Absentee ballots determine races

Published 11:42 pm Tuesday, August 28, 2012

Absentee ballots helped secure wins in two Troy council races this year.

Before absentee ballots were counted, Shelby Tuck trailed incumbent District 1 Councilman Charlie Dunn by only 20 votes. Dunn won the race by 78 votes in the unofficial final count.

In District 5, more than 50 percent of the ballots were cast absentee. Before the absentee ballots were counted, incumbent Councilwoman Wanda Moultry had 137 votes to Dejerilyn Henderson’s 187. By the end, Henderson won 306 to 254.


Although she was triumphant in Tuesday’s municipal elections, Henderson said voter education about absentee ballots would be a priority for her – and not just because she wants people to vote.

Henderson said she was happy with the overall outcome of the election, but that she wasn’t going to let the faults she sees with absentee ballots in Troy slide.

“Just because I won doesn’t mean there wasn’t a problem with absentee ballots,” Henderson said. Henderson said there are 2,044 registered voters in District 5 and 309 people requested absentee ballots for this election.

Henderson said she believes many voters were confused about the process.

“I want people to know what they sign,” Henderson said, adding that some District 5 residents expressed concerns to her Tuesday about the absentee ballot process.

Henderson said one voter told her he arrived at the polls and was told he had to vote a provisional ballot since he had applied for an absentee ballot, which he said he never received. “These people had no clue,” Henderson said.

Moultry said she did not have the same concerns over the process.

“Based on what I see here, most ballots have been returned,” Moultry said, scanning a list of voters who requested an absentee ballot. “If an absentee ballot went to anybody else’s address, they were aware of it. Whatever ballots we got, they knew about it.”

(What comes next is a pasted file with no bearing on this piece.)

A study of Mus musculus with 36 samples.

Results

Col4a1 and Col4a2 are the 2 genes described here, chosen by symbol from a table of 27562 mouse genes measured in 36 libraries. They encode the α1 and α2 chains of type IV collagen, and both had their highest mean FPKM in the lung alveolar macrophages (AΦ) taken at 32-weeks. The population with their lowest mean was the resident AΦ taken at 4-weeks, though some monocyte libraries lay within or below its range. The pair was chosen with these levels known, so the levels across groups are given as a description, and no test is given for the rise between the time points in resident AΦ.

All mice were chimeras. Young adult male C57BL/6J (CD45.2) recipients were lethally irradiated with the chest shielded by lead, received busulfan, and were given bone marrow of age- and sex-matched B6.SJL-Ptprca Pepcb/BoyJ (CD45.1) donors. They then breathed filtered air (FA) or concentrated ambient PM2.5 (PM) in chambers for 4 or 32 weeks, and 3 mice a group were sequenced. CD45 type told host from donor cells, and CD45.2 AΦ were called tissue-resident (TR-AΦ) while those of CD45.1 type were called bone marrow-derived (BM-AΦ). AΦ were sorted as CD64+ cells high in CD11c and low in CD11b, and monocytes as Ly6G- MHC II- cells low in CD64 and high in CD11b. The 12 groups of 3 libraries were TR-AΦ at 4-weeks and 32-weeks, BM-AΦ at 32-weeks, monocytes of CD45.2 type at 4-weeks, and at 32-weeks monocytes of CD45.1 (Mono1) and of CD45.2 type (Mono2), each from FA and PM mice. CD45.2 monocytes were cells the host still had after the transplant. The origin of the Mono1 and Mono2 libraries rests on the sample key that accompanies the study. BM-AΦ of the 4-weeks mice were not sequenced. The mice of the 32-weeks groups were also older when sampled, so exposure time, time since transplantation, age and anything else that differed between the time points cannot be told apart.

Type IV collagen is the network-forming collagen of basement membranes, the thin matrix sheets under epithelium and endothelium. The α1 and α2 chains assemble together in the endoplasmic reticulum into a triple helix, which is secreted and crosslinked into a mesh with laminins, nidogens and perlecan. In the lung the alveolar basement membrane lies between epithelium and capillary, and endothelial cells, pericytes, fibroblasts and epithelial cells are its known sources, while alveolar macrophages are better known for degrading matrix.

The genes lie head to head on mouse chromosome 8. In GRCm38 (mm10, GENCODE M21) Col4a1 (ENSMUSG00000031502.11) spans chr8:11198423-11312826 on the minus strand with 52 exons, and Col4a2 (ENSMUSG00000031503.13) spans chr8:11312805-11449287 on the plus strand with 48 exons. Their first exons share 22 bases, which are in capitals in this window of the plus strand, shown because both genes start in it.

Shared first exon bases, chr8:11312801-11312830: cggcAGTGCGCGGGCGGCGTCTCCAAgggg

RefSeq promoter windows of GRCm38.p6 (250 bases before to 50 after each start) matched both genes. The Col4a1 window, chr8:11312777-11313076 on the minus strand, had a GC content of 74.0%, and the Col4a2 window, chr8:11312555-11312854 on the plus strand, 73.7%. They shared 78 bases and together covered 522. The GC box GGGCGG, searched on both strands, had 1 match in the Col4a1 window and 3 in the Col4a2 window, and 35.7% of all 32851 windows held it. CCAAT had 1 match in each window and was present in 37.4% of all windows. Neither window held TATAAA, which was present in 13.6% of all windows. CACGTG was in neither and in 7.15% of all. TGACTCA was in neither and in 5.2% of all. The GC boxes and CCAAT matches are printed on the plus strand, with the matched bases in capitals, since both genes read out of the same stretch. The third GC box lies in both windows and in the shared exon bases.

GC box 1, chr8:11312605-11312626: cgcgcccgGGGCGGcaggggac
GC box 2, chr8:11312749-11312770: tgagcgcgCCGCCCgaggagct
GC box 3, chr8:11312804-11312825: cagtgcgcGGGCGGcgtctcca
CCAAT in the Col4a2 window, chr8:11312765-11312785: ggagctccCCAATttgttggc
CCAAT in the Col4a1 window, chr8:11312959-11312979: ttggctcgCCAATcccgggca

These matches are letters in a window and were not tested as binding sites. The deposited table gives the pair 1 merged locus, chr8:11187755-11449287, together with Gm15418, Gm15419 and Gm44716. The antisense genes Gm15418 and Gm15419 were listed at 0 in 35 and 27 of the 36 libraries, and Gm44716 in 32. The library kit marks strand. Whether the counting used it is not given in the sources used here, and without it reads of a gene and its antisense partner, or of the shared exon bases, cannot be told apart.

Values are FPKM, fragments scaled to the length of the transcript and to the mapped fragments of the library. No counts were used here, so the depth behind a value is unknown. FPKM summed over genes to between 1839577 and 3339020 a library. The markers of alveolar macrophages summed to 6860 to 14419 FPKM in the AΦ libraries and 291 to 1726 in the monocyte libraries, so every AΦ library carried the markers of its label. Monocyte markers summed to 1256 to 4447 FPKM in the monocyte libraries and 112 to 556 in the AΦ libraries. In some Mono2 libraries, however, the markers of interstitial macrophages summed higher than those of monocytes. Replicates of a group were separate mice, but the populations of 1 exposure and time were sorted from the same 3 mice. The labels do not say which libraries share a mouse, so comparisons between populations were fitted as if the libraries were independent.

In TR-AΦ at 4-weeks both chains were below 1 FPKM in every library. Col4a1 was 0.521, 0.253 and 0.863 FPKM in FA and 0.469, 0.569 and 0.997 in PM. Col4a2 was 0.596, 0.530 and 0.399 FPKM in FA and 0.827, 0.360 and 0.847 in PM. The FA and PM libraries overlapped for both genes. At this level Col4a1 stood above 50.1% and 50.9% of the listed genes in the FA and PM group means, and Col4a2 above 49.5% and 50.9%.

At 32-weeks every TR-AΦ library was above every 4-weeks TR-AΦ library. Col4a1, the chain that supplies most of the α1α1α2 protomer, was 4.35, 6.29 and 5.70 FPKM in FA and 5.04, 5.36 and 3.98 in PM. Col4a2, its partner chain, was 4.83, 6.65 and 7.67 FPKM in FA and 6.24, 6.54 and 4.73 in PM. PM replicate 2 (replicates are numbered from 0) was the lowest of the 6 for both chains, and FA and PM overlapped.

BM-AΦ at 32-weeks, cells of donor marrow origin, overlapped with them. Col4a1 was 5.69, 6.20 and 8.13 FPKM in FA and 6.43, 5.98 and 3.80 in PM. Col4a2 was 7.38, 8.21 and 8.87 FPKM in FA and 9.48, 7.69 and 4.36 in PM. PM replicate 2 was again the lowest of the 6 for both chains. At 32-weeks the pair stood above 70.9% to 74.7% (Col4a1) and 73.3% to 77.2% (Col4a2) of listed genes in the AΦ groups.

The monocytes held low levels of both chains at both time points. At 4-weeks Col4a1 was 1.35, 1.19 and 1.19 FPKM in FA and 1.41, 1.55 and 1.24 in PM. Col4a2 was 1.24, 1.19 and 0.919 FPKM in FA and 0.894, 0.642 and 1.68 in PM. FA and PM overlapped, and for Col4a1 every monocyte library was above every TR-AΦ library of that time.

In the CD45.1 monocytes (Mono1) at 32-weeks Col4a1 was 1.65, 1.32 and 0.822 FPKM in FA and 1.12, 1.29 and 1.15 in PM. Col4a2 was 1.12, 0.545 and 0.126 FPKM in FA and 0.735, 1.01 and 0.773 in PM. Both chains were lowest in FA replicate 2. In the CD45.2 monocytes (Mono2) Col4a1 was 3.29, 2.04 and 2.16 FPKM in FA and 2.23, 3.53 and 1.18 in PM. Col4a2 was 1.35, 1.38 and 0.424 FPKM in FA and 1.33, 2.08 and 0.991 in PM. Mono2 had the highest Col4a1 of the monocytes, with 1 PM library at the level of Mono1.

Henderson said records showed multiple ballots were sent to the same address on Segars Street, which she said was affiliated with a supporter of Moultry.

Troy City Clerk Alton Starling said that he legally couldn’t say where absentee ballots were mailed, but he did say people could request a ballot be sent to an address other than their own. He also said voters who request absentee ballots must fill out the application on their own and must return the request either in person or mail it in. However, he said, candidates can legally provide a stamp and an envelope to a voter.

“My job is to blindly follow the law,” Starling said. “It is up to the system to eventually take care of anything out of the ordinary. Our job is ministerial”

Starling said anyone who goes to the poll to vote, but has also requested an absentee ballot must cast their vote using a provisional ballot. Poll inspectors then flag that ballot and the Board of Registrars holds an investigation that lasts a week to determine if a person voted twice. If someone did vote in two ways, the Pike County Sheriff’s Department steps in to investigate voter fraud.